Apprenticed or indentured?
In your research you may find that an ancestor was an indentured servant or an apprentice. They are not the same. To help understand the differences here is a brief outline of what each meant.
Apprentices were often younger landless sons. In the earliest days of the colonies the oldest son usually inherited his father’s land. Younger sons had to learn a trade. In wills you’ll often find references to a deceased father leaving money to purchase an apprenticeship for a younger son or sons. You may also find a provision that the oldest son had to pay for his brothers to be apprenticed.
An apprentice paid money to train in a trade and agreed to serve his master for a certain number of years while he was acquiring the skills to earn his own living. The master was obliged to feed, clothe and care for his apprentice. Sometimes the apprentice would remain with his master as a paid employee after the apprenticeship ended. Some masters were cruel and newspapers into the 1800s printed notices of runaway apprentices with name, description and any details laid out along with a reward for finding and returning the runaway.
It’s easy to imagine that a runaway apprentice most likely was escaping a cruel master who beat or abused him or found he hated the work he was being trained for. Keep in mind an apprenticeship was a legally binding contract and the apprentice was bound for the number of years specified in the contract. Perhaps the most famous apprentice was Benjamin Franklin who was apprenticed to his brother to learn the printing trade.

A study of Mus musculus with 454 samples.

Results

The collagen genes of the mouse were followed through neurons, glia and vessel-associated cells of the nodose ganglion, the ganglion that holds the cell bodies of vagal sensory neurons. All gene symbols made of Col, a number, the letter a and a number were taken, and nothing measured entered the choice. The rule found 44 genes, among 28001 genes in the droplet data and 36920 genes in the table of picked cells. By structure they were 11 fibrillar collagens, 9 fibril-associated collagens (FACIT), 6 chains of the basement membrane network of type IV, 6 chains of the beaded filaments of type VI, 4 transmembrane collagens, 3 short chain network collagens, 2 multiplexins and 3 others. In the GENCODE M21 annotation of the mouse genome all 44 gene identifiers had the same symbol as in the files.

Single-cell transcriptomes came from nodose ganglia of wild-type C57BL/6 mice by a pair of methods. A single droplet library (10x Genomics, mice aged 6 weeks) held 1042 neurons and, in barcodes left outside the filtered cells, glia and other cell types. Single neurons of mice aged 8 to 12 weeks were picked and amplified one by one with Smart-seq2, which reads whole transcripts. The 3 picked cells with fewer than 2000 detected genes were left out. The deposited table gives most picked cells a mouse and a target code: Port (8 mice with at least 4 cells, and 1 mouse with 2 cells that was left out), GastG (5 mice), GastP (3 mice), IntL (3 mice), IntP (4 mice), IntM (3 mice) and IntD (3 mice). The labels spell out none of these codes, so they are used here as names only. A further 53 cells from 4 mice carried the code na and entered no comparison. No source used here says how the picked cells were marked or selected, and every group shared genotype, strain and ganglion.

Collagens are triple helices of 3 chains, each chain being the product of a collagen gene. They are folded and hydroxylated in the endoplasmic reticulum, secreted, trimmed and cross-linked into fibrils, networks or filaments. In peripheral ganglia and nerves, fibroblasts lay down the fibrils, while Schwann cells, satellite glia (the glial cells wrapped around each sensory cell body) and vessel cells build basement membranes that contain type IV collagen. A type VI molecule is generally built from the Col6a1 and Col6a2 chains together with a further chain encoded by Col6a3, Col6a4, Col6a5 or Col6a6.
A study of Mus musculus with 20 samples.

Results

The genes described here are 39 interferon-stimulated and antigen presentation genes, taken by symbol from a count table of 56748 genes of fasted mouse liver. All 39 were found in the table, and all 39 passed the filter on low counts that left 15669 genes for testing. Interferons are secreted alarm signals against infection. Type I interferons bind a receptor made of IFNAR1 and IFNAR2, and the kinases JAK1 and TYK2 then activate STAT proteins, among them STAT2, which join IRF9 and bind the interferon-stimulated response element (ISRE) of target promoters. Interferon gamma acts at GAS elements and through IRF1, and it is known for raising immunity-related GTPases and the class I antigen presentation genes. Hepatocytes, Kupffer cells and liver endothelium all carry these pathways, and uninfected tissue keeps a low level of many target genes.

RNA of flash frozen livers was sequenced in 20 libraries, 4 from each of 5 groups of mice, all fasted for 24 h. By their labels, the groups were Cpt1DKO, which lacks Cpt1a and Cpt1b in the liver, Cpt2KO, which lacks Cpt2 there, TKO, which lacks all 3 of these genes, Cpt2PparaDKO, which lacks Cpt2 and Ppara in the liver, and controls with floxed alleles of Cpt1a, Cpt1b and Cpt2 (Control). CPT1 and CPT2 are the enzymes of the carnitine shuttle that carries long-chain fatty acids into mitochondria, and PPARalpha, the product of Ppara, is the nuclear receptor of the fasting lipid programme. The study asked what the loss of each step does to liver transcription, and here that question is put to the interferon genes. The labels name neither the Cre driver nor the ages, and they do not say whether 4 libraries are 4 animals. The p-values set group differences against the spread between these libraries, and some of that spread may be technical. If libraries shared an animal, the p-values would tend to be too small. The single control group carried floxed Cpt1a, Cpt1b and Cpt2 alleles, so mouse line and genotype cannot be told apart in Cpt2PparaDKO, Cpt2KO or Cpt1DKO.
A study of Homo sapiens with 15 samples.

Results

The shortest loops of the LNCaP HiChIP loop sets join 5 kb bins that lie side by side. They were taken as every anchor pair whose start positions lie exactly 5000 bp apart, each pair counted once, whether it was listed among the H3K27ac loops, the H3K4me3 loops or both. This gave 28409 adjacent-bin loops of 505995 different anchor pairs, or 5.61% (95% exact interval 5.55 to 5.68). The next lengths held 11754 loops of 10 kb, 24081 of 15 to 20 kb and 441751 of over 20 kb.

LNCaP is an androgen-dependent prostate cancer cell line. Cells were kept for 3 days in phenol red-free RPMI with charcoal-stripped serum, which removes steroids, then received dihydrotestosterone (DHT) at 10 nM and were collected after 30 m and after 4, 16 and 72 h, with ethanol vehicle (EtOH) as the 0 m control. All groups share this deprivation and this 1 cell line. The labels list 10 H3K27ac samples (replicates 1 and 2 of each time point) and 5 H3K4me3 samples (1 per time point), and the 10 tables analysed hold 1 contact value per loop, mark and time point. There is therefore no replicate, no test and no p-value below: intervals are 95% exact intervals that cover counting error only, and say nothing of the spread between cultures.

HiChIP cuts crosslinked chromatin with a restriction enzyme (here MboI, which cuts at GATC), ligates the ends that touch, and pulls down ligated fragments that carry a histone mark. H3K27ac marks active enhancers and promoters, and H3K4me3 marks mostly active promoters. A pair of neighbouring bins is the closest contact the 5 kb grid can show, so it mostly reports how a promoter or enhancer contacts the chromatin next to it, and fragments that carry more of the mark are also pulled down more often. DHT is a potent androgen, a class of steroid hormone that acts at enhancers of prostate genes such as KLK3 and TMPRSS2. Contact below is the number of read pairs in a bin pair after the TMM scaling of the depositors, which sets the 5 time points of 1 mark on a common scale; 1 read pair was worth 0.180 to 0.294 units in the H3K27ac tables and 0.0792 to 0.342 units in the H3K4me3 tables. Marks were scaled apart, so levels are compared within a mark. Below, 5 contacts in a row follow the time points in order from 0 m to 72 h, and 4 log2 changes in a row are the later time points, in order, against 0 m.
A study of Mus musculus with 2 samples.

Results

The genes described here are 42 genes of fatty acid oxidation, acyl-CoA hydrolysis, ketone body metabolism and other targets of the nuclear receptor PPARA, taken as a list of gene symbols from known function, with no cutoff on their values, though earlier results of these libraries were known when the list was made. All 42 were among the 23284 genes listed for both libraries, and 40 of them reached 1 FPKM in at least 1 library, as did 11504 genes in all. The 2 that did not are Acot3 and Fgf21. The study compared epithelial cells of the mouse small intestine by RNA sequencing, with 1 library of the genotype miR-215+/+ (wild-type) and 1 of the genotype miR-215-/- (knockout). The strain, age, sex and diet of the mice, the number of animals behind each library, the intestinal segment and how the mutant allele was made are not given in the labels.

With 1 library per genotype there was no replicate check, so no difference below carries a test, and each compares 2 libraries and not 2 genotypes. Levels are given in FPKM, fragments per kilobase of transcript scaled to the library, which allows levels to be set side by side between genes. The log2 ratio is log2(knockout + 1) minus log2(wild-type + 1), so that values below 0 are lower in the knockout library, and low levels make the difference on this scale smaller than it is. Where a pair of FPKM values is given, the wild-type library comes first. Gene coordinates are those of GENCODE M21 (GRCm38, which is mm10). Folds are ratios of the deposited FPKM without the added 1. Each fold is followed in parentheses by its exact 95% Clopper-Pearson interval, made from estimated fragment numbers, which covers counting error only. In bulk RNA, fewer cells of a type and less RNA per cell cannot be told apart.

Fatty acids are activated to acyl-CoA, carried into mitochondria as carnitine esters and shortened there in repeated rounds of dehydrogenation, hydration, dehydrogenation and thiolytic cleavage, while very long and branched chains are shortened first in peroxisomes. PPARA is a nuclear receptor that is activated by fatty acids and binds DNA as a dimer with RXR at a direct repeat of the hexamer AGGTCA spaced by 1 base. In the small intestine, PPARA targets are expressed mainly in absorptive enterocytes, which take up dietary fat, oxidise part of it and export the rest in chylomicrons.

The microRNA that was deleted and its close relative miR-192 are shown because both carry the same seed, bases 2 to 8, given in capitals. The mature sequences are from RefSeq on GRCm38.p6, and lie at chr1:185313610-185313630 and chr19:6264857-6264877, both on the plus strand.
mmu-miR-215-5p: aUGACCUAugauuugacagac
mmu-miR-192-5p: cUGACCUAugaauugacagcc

An indentured servant was slightly different. Usually these were individuals who were poor and wanted to come to the New World for the opportunities they couldn’t find in England. One of the best known was John Howland who came on the Mayflower indentured to Governor John Carver. Indentured servants had their passage paid and they agreed to serve their master for a period of seven years. The master signed a contract with his indentured servants to feed, clothe and care for them. The servants agreed to do the work assigned to them. At the end of seven years the indentured servant became a free man who was usually given land and sometimes tools or livestock to get him started in life.
In some cases, the indentured servants didn’t survive due to the climate, endemic diseases, or the severity of the work involved. This was one reason why African slaves were imported to the south and to the Caribbean islands.
John Howland survived falling overboard on the Mayflower. He married, served in high office in Plymouth colony, and was respected. His descendants include both Presidents Bush, Henry Wadsworth Longfellow, Dr. Benjamin Spock, President John Quincy Adams and Humphrey Bogart, among many others.
While you’re researching you may encounter apprentices or indentured servants in your tree. There are many resources including wills, deeds, contracts and newspapers to help learn more about their lives.
Columnist Nancy Battick of Dover-Foxcroft has researched genealogy for over 30 years. She is past president of the Maine Genealogical Society, author of several genealogical articles and co-transcribed the Vital Records of Dover-Foxcroft. Nancy holds an MA in History from UM and lives in DF with her husband, Jack, another avid genealogist. Reader emails are welcome at firstname.lastname@example.org.